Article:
Type 2 diabetes can be a 'devastating diagnosis' says expert
Dr Michail Katsoulis, of the UCL Institute of Health Informatics, right, said: “Our results show age is the most important socio-demographic factor for body mass change. People aged 18 to 24 have the highest risk of BMI gain compared to older people.
“Among individuals with obesity, those aged between 35 and 54 had the highest risk of not losing weight compared to other adults.”
The issue has significant ramifications for the already overstretched NHS – with obesity-driven Type 2 diabetes now one of the fastest growing health emergencies.
Four million are blighted by the condition – with that number set to rocket to 5.5 million by 2030.
One in 10 over 40 is battling the condition, which can lead to blindness, amputations, heart disease and kidney failure, with a new diagnosis every three minutes.
At least another million have the debilitating disease but are yet to be diagnosed, while 12.5 million are at increased risk because of chronically unhealthy lifestyles.
Starch is broken down into sugar by digestion but in people with Type 2 diabetes, insulin – which regulates blood sugar – fails and sufferers become resistant to its effects. Blood sugar starts to rise, damaging circulation and blood vessels, causing inflammation. Livers then become clogged with fat in overweight sufferers.
Diabetes now costs the NHS £15billion a year – more than £1million every hour.
It is diagnosed with a blood test known as a Hba1c, with the threshold being two blood sugar readings of 48 or more.
And to compound the problem, the obesity epidemic and Covid pandemic have collided – with a prolonged period where many people have been exercising less and eating more.
The health emergency comes as Professor Chris Whitty, England’s Chief Medical Officer, prepares to declare war on obesity due to it being a key risk factor with Covid.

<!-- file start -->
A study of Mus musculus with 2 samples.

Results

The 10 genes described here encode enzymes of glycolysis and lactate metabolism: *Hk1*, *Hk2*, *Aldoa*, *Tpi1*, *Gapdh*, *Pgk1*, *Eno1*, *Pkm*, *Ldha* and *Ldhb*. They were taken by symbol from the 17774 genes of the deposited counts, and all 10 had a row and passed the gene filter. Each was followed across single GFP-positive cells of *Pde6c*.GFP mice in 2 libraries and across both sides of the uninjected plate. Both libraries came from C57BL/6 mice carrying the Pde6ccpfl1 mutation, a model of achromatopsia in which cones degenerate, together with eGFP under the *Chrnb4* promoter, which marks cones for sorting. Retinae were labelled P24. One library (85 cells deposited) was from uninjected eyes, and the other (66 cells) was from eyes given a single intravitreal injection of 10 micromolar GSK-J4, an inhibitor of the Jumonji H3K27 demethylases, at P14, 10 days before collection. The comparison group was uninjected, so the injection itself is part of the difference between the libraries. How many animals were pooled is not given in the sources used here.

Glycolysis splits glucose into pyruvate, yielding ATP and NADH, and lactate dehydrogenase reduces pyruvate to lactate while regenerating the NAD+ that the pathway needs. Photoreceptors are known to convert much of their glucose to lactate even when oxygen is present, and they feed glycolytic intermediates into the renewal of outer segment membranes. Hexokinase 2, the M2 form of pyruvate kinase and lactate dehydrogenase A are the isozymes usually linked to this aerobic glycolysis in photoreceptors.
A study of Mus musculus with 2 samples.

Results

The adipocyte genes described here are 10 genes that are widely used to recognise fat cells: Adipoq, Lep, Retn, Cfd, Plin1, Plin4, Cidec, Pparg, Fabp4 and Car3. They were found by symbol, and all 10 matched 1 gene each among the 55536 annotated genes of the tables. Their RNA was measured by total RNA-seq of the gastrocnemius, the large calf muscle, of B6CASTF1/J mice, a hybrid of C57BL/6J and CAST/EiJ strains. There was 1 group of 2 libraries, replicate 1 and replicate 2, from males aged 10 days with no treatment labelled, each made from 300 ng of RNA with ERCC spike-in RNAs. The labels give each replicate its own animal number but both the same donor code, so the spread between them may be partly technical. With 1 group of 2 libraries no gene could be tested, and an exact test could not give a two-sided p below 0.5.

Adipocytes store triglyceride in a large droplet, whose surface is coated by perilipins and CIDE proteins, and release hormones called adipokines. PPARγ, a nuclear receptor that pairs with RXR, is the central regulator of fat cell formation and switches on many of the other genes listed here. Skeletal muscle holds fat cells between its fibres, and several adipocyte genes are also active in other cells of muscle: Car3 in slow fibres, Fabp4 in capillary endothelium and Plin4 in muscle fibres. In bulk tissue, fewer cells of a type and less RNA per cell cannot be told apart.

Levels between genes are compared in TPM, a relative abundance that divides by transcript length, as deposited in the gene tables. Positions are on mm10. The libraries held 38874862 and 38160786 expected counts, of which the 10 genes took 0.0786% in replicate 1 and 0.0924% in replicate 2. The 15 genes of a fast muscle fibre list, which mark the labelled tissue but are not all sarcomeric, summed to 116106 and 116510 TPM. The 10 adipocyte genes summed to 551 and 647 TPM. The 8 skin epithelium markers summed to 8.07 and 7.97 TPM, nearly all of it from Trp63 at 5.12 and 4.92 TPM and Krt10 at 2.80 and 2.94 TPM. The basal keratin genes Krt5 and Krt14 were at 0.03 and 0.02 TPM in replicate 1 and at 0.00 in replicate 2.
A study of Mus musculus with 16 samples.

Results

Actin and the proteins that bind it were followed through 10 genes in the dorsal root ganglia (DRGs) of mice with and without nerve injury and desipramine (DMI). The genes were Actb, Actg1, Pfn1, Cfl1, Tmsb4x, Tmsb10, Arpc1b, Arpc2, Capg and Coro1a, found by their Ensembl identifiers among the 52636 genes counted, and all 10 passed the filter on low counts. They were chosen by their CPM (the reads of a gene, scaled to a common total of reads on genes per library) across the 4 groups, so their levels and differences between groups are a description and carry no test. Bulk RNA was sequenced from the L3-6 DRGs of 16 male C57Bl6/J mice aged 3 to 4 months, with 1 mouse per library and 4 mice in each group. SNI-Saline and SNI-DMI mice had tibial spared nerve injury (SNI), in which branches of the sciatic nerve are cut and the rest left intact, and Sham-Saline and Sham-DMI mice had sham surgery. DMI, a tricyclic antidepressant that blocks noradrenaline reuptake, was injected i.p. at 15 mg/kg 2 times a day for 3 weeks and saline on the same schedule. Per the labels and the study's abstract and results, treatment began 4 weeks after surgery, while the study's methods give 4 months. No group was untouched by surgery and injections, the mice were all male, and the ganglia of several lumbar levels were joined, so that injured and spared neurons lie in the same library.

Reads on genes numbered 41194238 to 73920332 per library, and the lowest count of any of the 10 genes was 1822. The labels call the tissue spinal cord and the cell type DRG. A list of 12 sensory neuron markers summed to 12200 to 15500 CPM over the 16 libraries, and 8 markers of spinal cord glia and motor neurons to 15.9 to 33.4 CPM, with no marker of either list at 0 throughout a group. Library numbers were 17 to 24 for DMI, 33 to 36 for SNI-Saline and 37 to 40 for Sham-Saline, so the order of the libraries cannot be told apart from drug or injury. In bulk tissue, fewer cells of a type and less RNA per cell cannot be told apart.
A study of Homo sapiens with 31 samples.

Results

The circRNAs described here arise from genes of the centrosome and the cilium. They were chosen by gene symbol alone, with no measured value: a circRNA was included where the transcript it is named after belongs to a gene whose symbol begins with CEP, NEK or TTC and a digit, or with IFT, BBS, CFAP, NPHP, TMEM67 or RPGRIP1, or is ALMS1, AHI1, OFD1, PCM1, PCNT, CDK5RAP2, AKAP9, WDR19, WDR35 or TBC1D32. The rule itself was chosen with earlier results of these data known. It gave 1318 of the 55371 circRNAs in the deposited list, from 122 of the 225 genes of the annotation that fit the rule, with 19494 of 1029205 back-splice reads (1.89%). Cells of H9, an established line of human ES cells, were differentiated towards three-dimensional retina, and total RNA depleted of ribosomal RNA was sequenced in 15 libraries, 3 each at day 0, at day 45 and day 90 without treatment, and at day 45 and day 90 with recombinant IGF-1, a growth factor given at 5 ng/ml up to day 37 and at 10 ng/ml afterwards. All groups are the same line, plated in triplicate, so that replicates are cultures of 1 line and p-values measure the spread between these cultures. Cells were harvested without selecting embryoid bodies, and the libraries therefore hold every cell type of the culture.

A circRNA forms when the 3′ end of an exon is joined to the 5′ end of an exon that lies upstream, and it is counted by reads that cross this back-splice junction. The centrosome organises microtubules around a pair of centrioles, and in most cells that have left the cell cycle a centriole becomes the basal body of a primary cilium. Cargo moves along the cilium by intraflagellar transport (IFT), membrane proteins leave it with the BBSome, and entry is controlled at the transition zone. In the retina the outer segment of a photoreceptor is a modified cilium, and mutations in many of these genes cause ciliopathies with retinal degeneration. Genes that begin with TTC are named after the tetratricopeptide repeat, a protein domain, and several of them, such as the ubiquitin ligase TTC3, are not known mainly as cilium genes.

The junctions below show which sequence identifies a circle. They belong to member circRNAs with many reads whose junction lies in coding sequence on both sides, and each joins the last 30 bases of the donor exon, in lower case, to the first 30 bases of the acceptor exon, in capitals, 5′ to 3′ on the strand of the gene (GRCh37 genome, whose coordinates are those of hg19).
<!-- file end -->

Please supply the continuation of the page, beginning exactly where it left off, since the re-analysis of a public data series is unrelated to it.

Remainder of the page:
In June last year, it was revealed that one third of all hospital deaths from coronavirus were diabetics – and Type 2 sufferers were twice as likely to die. An Office for Health Promotion has been set up to tackle the spiralling crisis and urgently promote physical activity. The Department of Health and Social Care also plans to run an incentive scheme to help people get fit and eat better.
It is searching for a private partner to oversee it with the six-month pilot scheme set to start in January. Last night officials would not say how many bids had been received and who they were from.
The campaign follows Boris Johnson’s bout of Covid, which put him in intensive care.
It was said Mr Johnson, 57, weighed 17st 7lb before he was admitted to St Thomas’ Hospital in London in April last year. If correct, it meant the 5ft 9in Prime Minister had a body mass index of 36, making him obese.
Experts said his weight was a significant factor in the severity of his illness.
Prof Whitty and his taskforce will be “systematically tackling the top preventable risk factors causing death and ill health”. He said: “Supporting our communities to live healthy lives is very important.
“The non-direct harms of Covid on public health will not be trivial.
The Office for Health Promotion will work across both national and local government as well as with the NHS, academia, the third sector, scientists, researchers and industry to develop evidence-informed policies.”
Almost one quarter of adults aged between 25 and 34 are obese, according to a 2019 NHS survey. The prevalence has doubled in 25 years. It suggests at least four million young Britons are obese and that around 80 percent of health outcomes are linked to preventable risk factors such as diet, smoking and exercise.
In the damning analysis, published in the Lancet, experts looked at anonymised GP records from more than two million adults with more than nine million measurements of body mass and weight in England between 1998 and 2016.
That data led to the conclusion that younger people were four times more likely to become overweight or obese over the next decade than 65 to 74-year-olds.
Study co-author Dr Claudia Langenberg said: “Young people go through big life changes. They may start work, go to university or leave home – the habits they form in these years may stick through adulthood. If we are serious about preventing obesity, we should develop interventions that can be targeted and relevant.”